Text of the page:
I haven’t read your book yet, but I noticed you had a chapter about Ciudad Juarez. What you say about Ciudad Juarez probably applies to Tijuana only more so.
I have memories of youthful debauchery in Tijuana, mid 1980s to mid 1990s. Yes, there was an element of danger in the past, but if you were in a group, you were generally safe, and it could cost as little as US $20 to get someone unarrested by a Mexican cop.
Modern-day Tijuana is very different, and much more dangerous. Here are some quotes from the official US State Department travel advisory at http://travel.state.gov/travel/cis_pa_tw/cis/cis_970.html : “In Ciudad Juarez, Monterrey, Nuevo Laredo, Matamoros, Nogales, Reynosa, and Tijuana, shootings have taken place at busy intersections and at popular restaurants at all times of the day and night… Mexican authorities have failed to prosecute numerous crimes committed against U.S. citizens, including murders and kidnappings.”
I took my wife down there on a day trip recently, because she was curious about Tijuana. We didn’t even go at night to see the raunchiness of bars such such as Fuzzyland or Club Bambi. We walked into Mexico from the San Ysidro light rail station, the end of the line at the border. To get there, you have to walk through a series of bridges and passageways which smell of urine. As soon as you pass through the gate into Mexico, you’re surrounded by Mexican men touting various businesses. “You want Viagra señor? Come, I take you to farmacia”, “Two for one special at liquor store”, etc. My wife, a political conservative, was not amused when I said, “Look! Unfettered capitalism!”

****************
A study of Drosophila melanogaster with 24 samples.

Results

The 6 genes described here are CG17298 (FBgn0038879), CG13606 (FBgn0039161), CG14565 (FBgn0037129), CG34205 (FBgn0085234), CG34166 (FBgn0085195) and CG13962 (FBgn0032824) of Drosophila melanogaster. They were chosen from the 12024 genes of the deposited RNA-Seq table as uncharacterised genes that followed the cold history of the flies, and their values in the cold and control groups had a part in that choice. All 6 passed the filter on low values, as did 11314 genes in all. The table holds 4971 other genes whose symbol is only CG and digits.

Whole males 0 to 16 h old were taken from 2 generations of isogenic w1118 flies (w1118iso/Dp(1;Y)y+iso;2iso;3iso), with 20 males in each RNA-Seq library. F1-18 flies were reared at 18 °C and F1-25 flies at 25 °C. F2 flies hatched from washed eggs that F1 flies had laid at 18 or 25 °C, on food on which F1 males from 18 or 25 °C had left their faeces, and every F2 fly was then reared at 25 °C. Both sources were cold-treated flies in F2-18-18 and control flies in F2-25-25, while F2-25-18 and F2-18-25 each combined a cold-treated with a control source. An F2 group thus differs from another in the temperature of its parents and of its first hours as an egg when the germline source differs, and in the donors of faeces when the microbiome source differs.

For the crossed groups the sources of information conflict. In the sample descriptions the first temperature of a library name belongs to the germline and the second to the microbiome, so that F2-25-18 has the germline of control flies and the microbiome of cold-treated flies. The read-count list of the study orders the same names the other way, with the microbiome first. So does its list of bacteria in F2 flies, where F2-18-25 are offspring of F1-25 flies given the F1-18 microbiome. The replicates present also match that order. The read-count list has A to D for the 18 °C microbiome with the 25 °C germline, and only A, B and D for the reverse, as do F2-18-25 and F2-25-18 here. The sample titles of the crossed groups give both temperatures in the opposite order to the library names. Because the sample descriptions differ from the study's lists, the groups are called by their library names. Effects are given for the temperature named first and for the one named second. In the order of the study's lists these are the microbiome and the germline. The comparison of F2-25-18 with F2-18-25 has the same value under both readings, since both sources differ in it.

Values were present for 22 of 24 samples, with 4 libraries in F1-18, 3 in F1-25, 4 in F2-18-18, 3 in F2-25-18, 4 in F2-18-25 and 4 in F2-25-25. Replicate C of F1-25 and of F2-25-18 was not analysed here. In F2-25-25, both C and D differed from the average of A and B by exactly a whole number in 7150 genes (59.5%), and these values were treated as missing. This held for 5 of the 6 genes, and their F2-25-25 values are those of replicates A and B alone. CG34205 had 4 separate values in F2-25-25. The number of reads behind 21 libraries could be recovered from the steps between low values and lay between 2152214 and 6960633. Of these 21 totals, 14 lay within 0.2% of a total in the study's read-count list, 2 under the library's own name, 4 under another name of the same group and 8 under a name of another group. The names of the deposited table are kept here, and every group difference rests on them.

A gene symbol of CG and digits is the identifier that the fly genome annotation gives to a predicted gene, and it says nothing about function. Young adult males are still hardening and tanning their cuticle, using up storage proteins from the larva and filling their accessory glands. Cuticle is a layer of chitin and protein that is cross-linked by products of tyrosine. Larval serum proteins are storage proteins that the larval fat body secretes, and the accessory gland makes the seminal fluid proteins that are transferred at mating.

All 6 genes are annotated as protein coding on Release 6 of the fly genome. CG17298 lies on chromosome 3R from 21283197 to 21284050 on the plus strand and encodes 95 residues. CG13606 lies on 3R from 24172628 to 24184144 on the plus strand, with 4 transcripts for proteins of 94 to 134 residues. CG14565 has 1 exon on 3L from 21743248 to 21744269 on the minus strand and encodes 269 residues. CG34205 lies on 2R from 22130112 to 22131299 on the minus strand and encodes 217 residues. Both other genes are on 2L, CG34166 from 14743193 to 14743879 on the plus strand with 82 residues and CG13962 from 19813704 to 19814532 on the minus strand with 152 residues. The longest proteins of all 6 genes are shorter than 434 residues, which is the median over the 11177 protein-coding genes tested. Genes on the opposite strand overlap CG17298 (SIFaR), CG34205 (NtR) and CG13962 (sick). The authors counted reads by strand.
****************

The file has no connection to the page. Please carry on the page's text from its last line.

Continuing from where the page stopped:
Getting back into the US is also dispiriting. There are long lines of cars, and drivers routinely face delays of several hours. You also have to stand in a long line to walk in, like we did.Next to the border are a number of stands hawking tacky souvenirs, with a a lot of “Mexican” souvenirs being made in China. Plaster statue of Bart Simpson any one? Try going to http://images.google.com/ and typing “Tijuana border crossing” in the search box to see for yourself. Entering the US is like something out of the novel “1984″, something out of a totalitarian police state. Heavily armed cops and soldiers (National Guard) are everywhere, hassling everyone. As a US citizen, you now need a passport (or passport card) to get back into your own country.